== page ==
In “El Nino forecasts are climbing” (KPRC’s Click2Houston.com, 17May2023), Frank Billingsley and Amanda Cochran write:
“By the end of the year, the European Model has at the very least a moderate El Nino with perhaps an extreme one.
“What can we learn from any of this? Get flood insurance. I’m not being flip. The extreme El Nino of 2014-2016 was when Texas experienced devastating floods and, locally, we had the 2015 Memorial Day flood and 2016 Tax Day flood. History is a very good teacher.”
In ” ‘Potentially significant’ El Niño to begin by summer” (CW39.com, 15May2023), Nick Bannin writes:
“Notable warming of the waters in the eastern equatorial Pacific has further increased the likelihood that El Niño will begin by late spring or early summer.
“The odds of El Niño being in place for next winter are now up to 93%.
“El Niño is the warm phase of the climate pattern known as ENSO (El Niño Southern Oscillation). For the last three winters we’ve been in the cool phase of ENSO known as La Niña.
“Assuming we’re in some form of El Niño next winter, that typically means a warmer Pacific Northwest, wetter in the south, southwest and coastal southeast with drier weather in the interior southeast. Cooler weather is also more likely for the south and southeast.
“The next analysis of ENSO from the Climate Prediction Center will be released June 8.”
In “Will it be a wet or dry summer? Weather service weighs in on El Nino in North Texas” (Fort Worth Star Telegram, 9May2023), Megan Cardona writes:
“The first day of summer is June 21, but North Texans are already feeling the heat in early May.
“Since May 4, temperatures in the Dallas-Fort Worth area have reached highs in the mid to upper 80s with the warmest day of the month on May 5 at 96 degrees.
“Patricia Sanchez, National Weather Service meteorologist, said this time of year has been unseasonably warm due to warm air coming from the south and southwest.
“While temperatures have not reached record breaking numbers, Sanchez said the warm air has caused humid conditions which makes it feel warmer.
“The weather pattern La Nina — which contributed to drought conditions in Texas — ended earlier this year after an uncharacteristic three years. Now the Dallas-Fort Worth area is in a transitional period in preparation for El Nino.
“During El Nino conditions, sea surface temperatures face positive changes which leads to cooler and wetter conditions than normal.
“The end of La Nina earlier this year entered North Texas into a neutral period until El Nino.
“The National Weather Service Climate Predication Center announced in April that neutral conditions were expected to continue through spring with a 62 percent chance of El Nino developing from May through July.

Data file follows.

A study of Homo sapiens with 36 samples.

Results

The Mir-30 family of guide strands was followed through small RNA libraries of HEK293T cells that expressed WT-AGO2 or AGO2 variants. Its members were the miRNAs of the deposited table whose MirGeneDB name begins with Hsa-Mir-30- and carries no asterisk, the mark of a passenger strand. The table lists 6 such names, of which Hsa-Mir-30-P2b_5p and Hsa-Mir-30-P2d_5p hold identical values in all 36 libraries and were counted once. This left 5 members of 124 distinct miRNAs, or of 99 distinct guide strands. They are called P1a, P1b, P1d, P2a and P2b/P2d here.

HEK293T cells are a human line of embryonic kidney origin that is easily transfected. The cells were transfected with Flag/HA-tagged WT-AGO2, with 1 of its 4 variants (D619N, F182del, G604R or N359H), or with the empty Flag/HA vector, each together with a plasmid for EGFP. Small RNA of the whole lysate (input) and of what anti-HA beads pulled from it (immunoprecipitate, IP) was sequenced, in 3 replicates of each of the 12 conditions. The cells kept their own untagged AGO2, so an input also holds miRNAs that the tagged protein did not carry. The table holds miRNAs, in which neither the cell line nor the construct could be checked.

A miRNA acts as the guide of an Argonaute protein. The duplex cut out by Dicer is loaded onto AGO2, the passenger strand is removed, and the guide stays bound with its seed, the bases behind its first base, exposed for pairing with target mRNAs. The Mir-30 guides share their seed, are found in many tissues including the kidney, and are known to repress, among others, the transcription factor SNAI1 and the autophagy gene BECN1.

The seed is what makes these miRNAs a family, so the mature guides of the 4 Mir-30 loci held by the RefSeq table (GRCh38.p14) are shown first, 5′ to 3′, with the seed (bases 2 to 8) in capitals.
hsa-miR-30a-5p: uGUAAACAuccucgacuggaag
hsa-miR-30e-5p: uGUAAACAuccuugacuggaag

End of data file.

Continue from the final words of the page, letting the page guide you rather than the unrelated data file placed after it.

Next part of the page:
“Typically El Nino means a wetter season for areas like Texas, California and Florida, Sanchez said.
“The outlook for May forecasts a wetter season than usual; storms are in the forecast for the Dallas-Fort Worth area this week due to a storm system moving through the Gulf Coast.”
In “May 2023 ENSO update: El Niño knocking on the door” (Climate.gov, 11Mar2023), Nat Johnson writes:
“The tropical Pacific sure knows how to get out of a rut! Just two months after declaring the demise of an almost interminable La Niña, above-average surface temperatures have reclaimed the tropical Pacific, and temperatures in the central-eastern Pacific are expected to continue to rise. Consequently, an El Niño Watch remains in place, with El Niño conditions likely to develop within the next couple of months and then persisting (greater than 90% chance) into the winter.
“We care about the potential development of El Niño—the warm phase of ENSO (El Niño/Southern Oscillation, the whole El Niño-La Niña system)—because of the cascade of global impacts that arise from its occurrence, including the expected temperature and precipitation patterns shown here. We’ll revisit many of these impacts in the coming months, but we’ll start by focusing on all the details of these rapidly developing conditions in the tropical Pacific.
“When we zoom into the weekly time frame, we find that the latest Niño-3.4 measurement from our highest-resolution dataset (OISSTv2.1) was 0.4 °C above the long-term average, even higher than the latest monthly average. This is just a mere 0.1 °C away from the 0.5 °C threshold that is necessary (but not sufficient!) for declaring El Niño conditions. Subsurface ocean temperatures in the tropical Pacific also increased over the past month, providing a source of warmer water that can sustain a developing El Niño. How can La Niña seem like a distant memory so quickly?
“Although the tropical Pacific Ocean looks ready to burst through that door to El Niño, the tropical atmosphere seems a bit more hesitant, remaining firmly in ENSO-neutral territory. As in March, the April Southern Oscillation Index and the Equatorial Southern Oscillation Index were close to zero, indicating that the Walker circulation remains at near-average strength. For El Niño conditions, we would expect negative values of these indexes, which would indicate (1) a weakening in the surface pressure difference that normally exists between the western and central-eastern Pacific and (2) a reduction of the east-to-west surface trade winds that are the key component of the Walker circulation. (For La Niña conditions, we get the opposite – positive index values indicating a strengthened Walker circulation and stronger east-to-west trade winds across the tropical Pacific Ocean.)”
Image from “El Nino forecasts are climbing” (KPRC’s Click2Houston.com, 17May2023) by Frank Billingsley and Amanda Cochran.